Britain's Tesco suffered a fresh blow Wednesday as Standard & Poor's became the second ratings agency after Moody's to slash the troubled supermarket's debt to junk status, despite its turnaround plans.
In a gloomy week for the nation's supermarket sector, S&P announced in a statement that it has lowered Tesco's long-term credit rating to 'BB+' from 'BBB-', which was the lowest investment grade. The outlook on the stock is however stable.
The downgrade, which mirrors a similar action by Moody's on Friday, came despite Tesco's revival plans that had been welcomed by investors last week.
Tesco is the world's third-biggest supermarket group after France's Carrefour and global leader Walmart.
"Tesco's management recently announced several measures to improve the group's UK operations and reduce leverage," S&P said on Wednesday.
"However, in our view these measures do not go far enough to support an investment-grade rating, considering the challenges the group faces in sustainably turning around its operations and materially improving its profitability in the highly competitive UK grocery market."
However, investors shrugged off the news, sending Tesco's share price 0.94 percent higher to close at 214 pence on the London stock market on Wednesday.
The British capital's benchmark FTSE 100 index of top companies, on which the group is listed, sank 2.35 percent on global economic worries and slumping copper prices to finish at 6,388.46 points.
Tesco had last week unveiled cost-cutting plans to shut 43 unprofitable stores, sell assets and axe its dividend, in a bid to revive its fortunes and recover from an accounting scandal.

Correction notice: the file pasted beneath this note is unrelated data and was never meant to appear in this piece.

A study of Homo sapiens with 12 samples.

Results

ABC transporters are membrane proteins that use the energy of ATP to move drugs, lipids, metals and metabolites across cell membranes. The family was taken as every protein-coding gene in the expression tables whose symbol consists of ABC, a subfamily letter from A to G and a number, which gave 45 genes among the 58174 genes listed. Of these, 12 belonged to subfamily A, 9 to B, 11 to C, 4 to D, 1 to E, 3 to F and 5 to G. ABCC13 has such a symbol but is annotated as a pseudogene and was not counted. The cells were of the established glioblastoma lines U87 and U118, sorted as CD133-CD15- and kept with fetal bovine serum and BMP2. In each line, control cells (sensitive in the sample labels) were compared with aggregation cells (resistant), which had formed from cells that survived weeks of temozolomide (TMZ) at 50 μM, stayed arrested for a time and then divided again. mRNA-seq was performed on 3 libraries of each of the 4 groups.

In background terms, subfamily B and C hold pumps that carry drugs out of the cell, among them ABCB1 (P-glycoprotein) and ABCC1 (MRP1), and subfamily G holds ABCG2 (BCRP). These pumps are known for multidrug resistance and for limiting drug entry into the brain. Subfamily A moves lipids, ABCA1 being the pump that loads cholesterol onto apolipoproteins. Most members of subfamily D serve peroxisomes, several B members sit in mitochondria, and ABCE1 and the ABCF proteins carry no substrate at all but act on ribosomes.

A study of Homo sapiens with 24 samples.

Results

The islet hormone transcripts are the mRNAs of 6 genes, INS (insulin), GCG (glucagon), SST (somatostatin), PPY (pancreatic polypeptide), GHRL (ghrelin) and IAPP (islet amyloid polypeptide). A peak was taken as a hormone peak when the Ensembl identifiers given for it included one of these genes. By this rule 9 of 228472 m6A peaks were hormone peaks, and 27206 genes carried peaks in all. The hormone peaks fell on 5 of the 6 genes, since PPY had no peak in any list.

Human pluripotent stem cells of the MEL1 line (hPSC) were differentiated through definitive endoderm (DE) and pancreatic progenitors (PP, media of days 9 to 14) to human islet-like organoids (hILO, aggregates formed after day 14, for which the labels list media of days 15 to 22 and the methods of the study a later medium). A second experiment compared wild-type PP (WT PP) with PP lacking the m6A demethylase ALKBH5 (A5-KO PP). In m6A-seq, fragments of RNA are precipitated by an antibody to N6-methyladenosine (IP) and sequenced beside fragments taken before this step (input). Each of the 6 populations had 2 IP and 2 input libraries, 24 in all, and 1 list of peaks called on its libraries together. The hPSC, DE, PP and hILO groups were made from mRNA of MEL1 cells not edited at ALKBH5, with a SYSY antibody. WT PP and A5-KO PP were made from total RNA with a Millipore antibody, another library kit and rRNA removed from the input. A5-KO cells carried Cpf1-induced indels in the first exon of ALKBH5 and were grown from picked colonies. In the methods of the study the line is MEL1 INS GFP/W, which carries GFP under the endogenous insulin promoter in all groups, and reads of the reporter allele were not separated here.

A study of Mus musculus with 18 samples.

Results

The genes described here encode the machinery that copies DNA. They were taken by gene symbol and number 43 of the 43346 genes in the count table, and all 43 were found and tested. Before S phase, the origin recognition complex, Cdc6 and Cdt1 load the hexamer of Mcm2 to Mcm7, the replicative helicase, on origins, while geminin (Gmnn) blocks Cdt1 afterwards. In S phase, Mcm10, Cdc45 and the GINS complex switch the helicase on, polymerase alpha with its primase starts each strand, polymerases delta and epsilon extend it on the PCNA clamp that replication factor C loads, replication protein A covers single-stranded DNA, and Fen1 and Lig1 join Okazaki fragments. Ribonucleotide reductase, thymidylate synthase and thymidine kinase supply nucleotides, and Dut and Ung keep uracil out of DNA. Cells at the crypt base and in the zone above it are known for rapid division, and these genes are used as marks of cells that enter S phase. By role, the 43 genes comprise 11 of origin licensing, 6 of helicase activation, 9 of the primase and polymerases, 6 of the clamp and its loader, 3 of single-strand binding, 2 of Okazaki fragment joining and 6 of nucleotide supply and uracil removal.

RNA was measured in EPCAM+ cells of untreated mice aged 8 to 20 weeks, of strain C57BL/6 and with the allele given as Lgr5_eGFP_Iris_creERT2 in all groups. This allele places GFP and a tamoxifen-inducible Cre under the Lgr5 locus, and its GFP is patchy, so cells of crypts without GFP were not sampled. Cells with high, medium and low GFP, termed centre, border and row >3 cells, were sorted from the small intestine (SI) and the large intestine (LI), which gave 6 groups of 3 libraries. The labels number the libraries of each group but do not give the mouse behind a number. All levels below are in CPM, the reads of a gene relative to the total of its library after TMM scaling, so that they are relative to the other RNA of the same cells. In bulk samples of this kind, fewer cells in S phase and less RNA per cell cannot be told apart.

The nation's biggest retailer also posted sliding sales in the key Christmas trading period, as it continued to suffer from intense competition in its home market.
Tesco, facing pressure in Britain from supermarket price wars and German-owned discounters Aldi and Lidl, also faces various probes after the giant admitted overstating its profits by £263 million earlier this year as a result of accounting errors.
Britain's main supermarket groups -- comprising Walmart division Asda, Morrisons, Sainsbury's and Tesco -- all face fierce competition from Aldi and Lidl, as well as upmarket chain Waitrose.
Sainsbury's had announced Tuesday that it will axe 500 jobs as part of plans to cut costs by £500 million over the next three years, after posting its first sales decline over the festive period for a decade.
Also on Tuesday, Morrisons announced the departure of its chief executive Dalton Philips, as the group also admitted that sales slid over Christmas.
Morrisons had last year announced £1.0 billion in price cuts and a new loyalty card scheme that was aimed at matching the prices of Aldi and Lidl.